Factors Influencing Flow and Pressure

The relationship between blood flow and blood pressure is one of the chief topics of this book. An engineer who is familiar with constant stroke volume pumps might imagine that flow from the heart is a simple function of heart rate. An engineer who designs pressure controllers may think of flow to a given capillary bed as related directly to the hydraulic resistance in that bed. In fact, the heart can sometimes be modeled as a constant stroke volume, variable-speed pump, but the system containing the heart and circulatory system is a complex network with a control system that includes pressure inputs, flow inputs, as well as neural and chemical feedback.

The pulse pressure in the aorta can be thought of chiefly as a function of heart rate, peripheral resistance, and stroke volume.

Figure 2.13 shows the effect of heart rate on pressure. If peripheral resistance and stroke volume remain constant, an increase in heart rate causes the heart to pump more blood into the aorta over a fixed time-period, and systolic blood pressure increases. At the same time, the increased rate of pumping leaves less time between heartbeats for the pressure in arteries to decrease, simultaneously the diastolic pressure also increases. As the heart rate increases, with fixed peripheral resistance and fixed stroke volume, cardiac output, or flow into the systemic circulation, increases.

On the other hand, if heart rate and peripheral resistance are constant, but stroke volume changes, pressure and flow are also affected. Figure 2.14 shows the effect of stroke volume on pressure. An increase in stroke volume increases pressure because of the extra volume of blood that is pumped into the aorta during each heart beat. However, a healthy human would not normally experience a case of constant heart rate and constant peripheral resistance with increasing stroke volume. As shown in the figure, under resting conditions heart rate drops and

P

n pd2

Rate = 2n

ps3 pd3

Rate = 2n/3

fs1 fd1 fs2 fd2 fs3 fd3

Time

Figure 2.13 Aortic pressures as a function of heart rate. PS is the systolic pressure and PD is the diastolic pressure. Picture 2, the middle picture, shows the fastest heart rate and the picture on the right, picture 3, shows the slowest heart rate.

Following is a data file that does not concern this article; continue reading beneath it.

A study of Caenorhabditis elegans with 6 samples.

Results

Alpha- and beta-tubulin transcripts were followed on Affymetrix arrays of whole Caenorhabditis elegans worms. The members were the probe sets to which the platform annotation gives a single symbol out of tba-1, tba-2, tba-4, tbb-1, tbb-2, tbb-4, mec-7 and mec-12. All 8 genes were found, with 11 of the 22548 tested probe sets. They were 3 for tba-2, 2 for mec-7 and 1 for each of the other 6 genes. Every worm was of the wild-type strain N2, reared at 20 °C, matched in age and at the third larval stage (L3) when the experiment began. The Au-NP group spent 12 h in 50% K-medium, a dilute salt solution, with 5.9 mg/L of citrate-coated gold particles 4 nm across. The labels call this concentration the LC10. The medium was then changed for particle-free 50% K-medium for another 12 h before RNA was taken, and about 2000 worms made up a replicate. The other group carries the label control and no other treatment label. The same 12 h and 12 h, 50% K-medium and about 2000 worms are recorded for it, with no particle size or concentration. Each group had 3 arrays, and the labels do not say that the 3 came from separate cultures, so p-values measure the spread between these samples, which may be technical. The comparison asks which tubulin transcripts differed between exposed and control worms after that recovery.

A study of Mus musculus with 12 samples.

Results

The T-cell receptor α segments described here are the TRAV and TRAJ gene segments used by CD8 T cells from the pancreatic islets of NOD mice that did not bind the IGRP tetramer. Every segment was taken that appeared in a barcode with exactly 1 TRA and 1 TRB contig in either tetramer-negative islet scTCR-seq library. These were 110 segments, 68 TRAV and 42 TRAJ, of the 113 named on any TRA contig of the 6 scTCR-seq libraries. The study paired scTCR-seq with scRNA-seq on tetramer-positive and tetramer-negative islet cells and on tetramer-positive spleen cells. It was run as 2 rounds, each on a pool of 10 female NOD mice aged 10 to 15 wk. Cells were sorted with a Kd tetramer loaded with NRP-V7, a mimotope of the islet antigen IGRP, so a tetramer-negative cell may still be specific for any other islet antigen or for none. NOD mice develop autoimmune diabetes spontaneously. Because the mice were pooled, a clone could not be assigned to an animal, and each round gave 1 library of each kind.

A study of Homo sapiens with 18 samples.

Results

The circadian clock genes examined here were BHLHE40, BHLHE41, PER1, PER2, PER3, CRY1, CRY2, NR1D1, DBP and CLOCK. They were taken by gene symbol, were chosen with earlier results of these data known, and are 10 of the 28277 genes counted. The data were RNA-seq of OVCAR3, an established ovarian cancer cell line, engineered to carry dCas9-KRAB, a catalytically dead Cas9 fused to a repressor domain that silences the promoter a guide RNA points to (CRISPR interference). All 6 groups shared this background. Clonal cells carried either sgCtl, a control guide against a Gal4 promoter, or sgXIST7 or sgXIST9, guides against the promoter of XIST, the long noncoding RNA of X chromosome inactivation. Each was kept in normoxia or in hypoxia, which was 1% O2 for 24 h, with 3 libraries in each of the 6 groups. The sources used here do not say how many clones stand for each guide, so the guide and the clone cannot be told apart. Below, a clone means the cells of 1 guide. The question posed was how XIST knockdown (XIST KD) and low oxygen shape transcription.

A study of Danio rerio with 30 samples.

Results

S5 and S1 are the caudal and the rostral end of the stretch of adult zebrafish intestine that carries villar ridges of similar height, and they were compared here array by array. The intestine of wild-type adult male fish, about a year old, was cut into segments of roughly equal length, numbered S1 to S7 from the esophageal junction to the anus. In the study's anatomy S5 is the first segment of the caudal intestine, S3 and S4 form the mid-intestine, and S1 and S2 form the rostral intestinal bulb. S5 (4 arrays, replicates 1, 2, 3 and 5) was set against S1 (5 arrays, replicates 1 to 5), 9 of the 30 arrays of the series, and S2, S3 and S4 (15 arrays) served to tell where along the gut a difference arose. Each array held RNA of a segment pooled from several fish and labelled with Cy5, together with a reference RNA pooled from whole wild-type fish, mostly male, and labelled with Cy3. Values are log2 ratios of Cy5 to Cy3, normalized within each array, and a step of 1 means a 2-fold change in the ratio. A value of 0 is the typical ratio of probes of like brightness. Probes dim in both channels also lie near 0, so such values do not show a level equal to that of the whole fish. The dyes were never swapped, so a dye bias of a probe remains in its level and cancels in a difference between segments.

Ps1 Pdi

\ Normal

\

stroke volume

\

i s

Increased

stroke volume

ps3

pd3

i s

Decreased

stroke volume

i s

fs1 fd1 fs2 fd2 fs3 fd3

Time

Figure 2.14 Shows the effect of stroke volume on pressure. PS represents pressure at systole and PD represents pressure at diastole.

peripheral resistance increases. The result is that a large stroke volume, as might be seen in well trained athletes, increases systolic pressure or perhaps maintains it at a steady level, while the decreased heart rate allows more time between beats and the diastolic pressure decreases. A very small stroke volume, as might be seen in a patient with severe heart damage, would normally result in an increased heart rate as the cardiovascular system attempts to maintain cardiac output although a very small amount of blood is ejected from the left ventricle during each heart beat.

The third parameter that controls blood pressure and flow is peripheral resistance. This peripheral resistance comes chiefly from the resistance found in capillary beds and the more capillaries that are open, the lower the resistance will be. If heart rate and stroke volume remain constant as the need for oxygenated blood increases in peripheral tissues, more capillaries open to allow more blood to flow into the tissue and this corresponds to a decrease in peripheral resistance. Figure 2.15 shows

Psi Pdi

Normal v. peripheral \resistance

i s

ps2 pd2

Increased peripheral . resistance i s

Decreased peripheral resistance i s

Time

Figure 2.15 Shows aortic pressure as a function of peripheral resistance while heart rate and stroke volume are held constant.

that blood pressure increases with increasing peripheral resistance when heart rate and stroke volume are held constant.

Heart rate, stroke volume, and peripheral resistance are the primary factors that control the relationship between blood pressure and flow, or cardiac output, but there are other factors which contribute. For example, in the case of diseased heart valves, blood leakage backward through the valve into the heart can alter the relationship. This type of leakage through a valve is known as regurgitance. Regurgitance in heart valves has a similar effect to that of decrease in stroke volume. Blood that has been ejected into the aorta can flow backwards into the left ventricle through a faulty aortic valve resulting in a decreased effective stroke volume.

Arterial compliance, a characteristic that is related to vessel stiffness, can also affect the pressure flow relationship. Very stiff arteries increase the overall hydrodynamic resistance of the system. This increase in resistance causes a decrease in blood flow to the peripheral tissue. The complex control system in the cardiovascular system will result in compensation that increases heart rate and therefore increases blood pressure to compensate for the increased resistance.